Every Memorial Day weekend, our neighborhood throws a block party. After months of pseudo hibernation from the mid-Atlantic winter and unpredictable spring, it serves as an opportunity to bring people together and celebrate the upcoming summertime.
Anticipation runs high. Planning starts months in advance. Secure the permit. Meet with the “committee” to go over the plans for entertainment, food and drinks. Kids create a flyer and go door-to-door to spread the word. We all hope and pray for good weather.
Whether it rains or shines, lots of people show up. Naturally, there is strong participation on our block but it has spread beyond both intentionally and unintentionally. People come from other blocks and even neighborhoods. I think there is some block party envy and we don’t mind. In fact, we like it.
Our entertainment is curated from the neighborhood. Young and old. Our nine-year old did a drum solo one year and an older neighbor played his fiddle. Our most frequent performer is a band of moms and dads who play folk cover songs. One time, I joined to sing Me & Bobby McGee. Unfortunately, it was recorded. Darn kids.
Not everyone likes the block party. A woman a few blocks away was unhappy with the music and complained. I took a break from the party and introduced myself. She said, “I don’t mind loud music, but I mind your music that loud.” She may have a point. Nonetheless, she later joined the party for the fellowship despite the music being even louder in person.
People stay a while. One year, a couple got in a tiff because she didn’t want to leave and he felt the obligation of other Memorial Day parties to visit. She won. Sometimes, especially in our busy culture, there’s something nice about just being. It’s exceedingly rare.
In our experience, block parties help build community. People have an excuse to get together. It brings together people from different circles, even if our living quarters are geographically approximate. It’s fun to see long-time residents connect with new neighbors. I also enjoy seeing the mix of young and old and everywhere in between.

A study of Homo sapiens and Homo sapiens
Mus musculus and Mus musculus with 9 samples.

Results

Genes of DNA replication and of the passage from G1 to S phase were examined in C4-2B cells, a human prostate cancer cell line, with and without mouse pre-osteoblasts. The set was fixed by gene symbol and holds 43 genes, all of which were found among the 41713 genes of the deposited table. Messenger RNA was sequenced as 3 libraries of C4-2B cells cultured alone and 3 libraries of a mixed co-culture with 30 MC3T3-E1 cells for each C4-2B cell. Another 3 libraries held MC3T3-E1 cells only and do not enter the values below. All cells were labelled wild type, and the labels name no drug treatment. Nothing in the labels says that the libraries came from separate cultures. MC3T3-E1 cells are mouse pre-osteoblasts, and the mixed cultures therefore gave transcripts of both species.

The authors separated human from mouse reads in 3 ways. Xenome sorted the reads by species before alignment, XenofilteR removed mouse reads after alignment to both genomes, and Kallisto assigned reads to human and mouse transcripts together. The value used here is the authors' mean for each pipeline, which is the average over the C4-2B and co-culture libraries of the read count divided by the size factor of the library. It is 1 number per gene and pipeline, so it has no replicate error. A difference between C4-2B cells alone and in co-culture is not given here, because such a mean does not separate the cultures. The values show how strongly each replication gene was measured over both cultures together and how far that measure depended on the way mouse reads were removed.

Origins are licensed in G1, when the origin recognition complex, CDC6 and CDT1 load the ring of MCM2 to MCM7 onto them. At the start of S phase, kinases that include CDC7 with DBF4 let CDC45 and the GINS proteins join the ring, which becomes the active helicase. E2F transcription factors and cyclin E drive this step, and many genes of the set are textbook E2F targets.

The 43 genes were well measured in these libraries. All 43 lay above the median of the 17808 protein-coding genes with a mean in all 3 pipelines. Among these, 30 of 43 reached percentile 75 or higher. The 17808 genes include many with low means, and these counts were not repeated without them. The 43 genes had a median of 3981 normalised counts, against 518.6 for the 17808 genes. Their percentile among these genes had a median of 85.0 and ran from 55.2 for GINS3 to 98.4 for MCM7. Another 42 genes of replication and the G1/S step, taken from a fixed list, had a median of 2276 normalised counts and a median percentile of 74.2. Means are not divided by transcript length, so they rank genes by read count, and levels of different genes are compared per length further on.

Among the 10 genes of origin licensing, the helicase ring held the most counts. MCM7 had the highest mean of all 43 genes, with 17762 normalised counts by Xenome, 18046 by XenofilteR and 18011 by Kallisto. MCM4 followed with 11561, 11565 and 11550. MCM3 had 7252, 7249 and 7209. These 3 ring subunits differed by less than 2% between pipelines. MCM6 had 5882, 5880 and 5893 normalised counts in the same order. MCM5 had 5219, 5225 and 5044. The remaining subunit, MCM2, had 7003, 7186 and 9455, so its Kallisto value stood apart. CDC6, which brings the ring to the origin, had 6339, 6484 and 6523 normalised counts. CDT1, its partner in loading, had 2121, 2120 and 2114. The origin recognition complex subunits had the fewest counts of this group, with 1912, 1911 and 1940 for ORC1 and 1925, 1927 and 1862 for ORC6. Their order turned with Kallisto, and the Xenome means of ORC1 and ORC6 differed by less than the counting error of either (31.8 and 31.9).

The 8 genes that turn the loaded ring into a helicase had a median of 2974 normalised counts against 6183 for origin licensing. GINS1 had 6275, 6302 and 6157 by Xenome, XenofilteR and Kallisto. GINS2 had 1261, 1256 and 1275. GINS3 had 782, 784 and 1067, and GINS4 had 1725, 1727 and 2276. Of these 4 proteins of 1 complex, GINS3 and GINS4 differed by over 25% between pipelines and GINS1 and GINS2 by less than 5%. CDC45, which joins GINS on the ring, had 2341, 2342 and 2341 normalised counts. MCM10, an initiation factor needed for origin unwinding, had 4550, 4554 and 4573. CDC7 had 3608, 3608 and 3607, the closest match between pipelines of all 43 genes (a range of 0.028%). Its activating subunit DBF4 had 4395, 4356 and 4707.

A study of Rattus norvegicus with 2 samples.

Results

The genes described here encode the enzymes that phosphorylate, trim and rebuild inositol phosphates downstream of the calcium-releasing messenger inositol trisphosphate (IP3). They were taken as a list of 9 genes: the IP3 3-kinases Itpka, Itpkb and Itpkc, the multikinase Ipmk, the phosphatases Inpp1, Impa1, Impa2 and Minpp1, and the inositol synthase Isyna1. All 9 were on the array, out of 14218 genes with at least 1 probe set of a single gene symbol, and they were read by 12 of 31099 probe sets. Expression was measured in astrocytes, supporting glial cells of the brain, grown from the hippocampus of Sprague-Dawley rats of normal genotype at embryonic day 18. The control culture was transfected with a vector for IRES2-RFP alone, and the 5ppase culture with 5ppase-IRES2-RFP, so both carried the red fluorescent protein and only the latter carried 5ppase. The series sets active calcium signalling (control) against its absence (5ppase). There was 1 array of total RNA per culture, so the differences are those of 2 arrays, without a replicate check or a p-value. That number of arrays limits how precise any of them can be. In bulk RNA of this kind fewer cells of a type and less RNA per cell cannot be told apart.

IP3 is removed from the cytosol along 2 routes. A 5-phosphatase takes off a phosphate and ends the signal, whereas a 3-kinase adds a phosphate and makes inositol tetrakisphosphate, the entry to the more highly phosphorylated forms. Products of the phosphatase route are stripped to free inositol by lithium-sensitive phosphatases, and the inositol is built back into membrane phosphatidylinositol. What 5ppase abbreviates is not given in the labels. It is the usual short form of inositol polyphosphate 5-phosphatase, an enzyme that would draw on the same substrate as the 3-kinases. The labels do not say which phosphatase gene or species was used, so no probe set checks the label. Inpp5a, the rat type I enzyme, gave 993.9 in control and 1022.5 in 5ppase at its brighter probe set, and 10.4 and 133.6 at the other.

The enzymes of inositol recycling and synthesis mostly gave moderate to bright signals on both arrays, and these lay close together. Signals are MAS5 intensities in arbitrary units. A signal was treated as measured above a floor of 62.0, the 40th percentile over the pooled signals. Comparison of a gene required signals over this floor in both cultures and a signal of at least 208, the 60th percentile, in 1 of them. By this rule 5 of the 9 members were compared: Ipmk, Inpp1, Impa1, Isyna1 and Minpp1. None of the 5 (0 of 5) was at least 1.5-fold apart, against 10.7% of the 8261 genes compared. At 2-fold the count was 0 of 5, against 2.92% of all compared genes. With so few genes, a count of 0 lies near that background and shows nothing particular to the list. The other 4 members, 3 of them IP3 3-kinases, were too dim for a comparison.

The benefits of a block party linger. Parents find babysitters and babysitters find parents. Recently, we were away and furniture was successfully delivered to our house thanks to a helpful neighbor.
It builds what social scientists call social capital. Social capital is “the networks of relationships among people who live and work in a particular society, enabling that society to function effectively.” Social capital is a good thing.
The problem is that, as a society, we are suffering from decreasing social capital. As this happens, loneliness and social isolation increase. In his new book, Them: Why We Hate Each Other – and How to Heal, Senator Ben Sasse identifies loneliness as the number one health epidemic – citing its prevalence and negative impact on life expectancy – and root of our unhealthy political partisanship.
In a recent survey of over 20,000 people, it was found that nearly half of those surveyed reported feeling some times or always lonely. The loneliest group was one of the youngest: people age 18-22. Generation Z – or the “iGen Gneration” according to Jean Twenge of San Diego State University – is the first generation to be raised with – or by – smartphones.
Older people are lonely, too. In another study of people 45 and above, about 1/3 were identified as lonely. This proportion is the same as a comparable study from 2000. The difference now, however, is that with people living longer, there are more people in this bucket. 5 million more, now up to about 45 million.
Part of the challenge is that many neighborhoods are becoming less neighborly. According to a recent study, about 20% of people regularly spend time with their neighbors, down 33% from the 1970s. Sadly, 1/3 of Americans never interact with their neighbors. Not surprisingly, according to another study, for those midlife and older, over 60% of people who are lonely have never spoken to a neighbor.
Connecting with our neighbors is about more than goodwill. It’s healthy. One study found that higher neighborhood social cohesion lowers the risk of heart attacks. Another found that good neighbor relationships lower risk of strokes.
Block parties aren’t the only approach. In Indiana, there is a movement to create porch parties. Harrison Center for the Arts in Indianapolis started the effort in 2014 and it has now grown statewide, including fifty-two counties and seven hundred porches participating. “The one really beautiful thing about porching is that it’s outward facing. Random people from your block can walk by and come on your porch and it creates a closer-knit block,” says Kyle Ragsdale, an Indianapolis resident and porch party host.
In theory, building community should be easier in apartment homes given the close proximity of people. But, it often requires intentionality. At Smart Living 360, “connection” is one of our three anchoring principles and we encourage this through organized events and supporting resident organized potlucks. It has fostered friendships, including intergenerational relationships.
Researchers believe that social isolation can be contagious. When one person disconnects from another, it leaves both people with one less contact.
What if block parties could be contagious? Maybe they are. This year, we got caught up in the busyness of life and the Memorial Day block party didn’t happen. However, a friend from another block stepped in and hosted a block party last month. It filled that sense of connection and neighborliness that we missed this spring.
Now it’s your turn. Go host a block party. You, your block and your neighborhood will be better for it.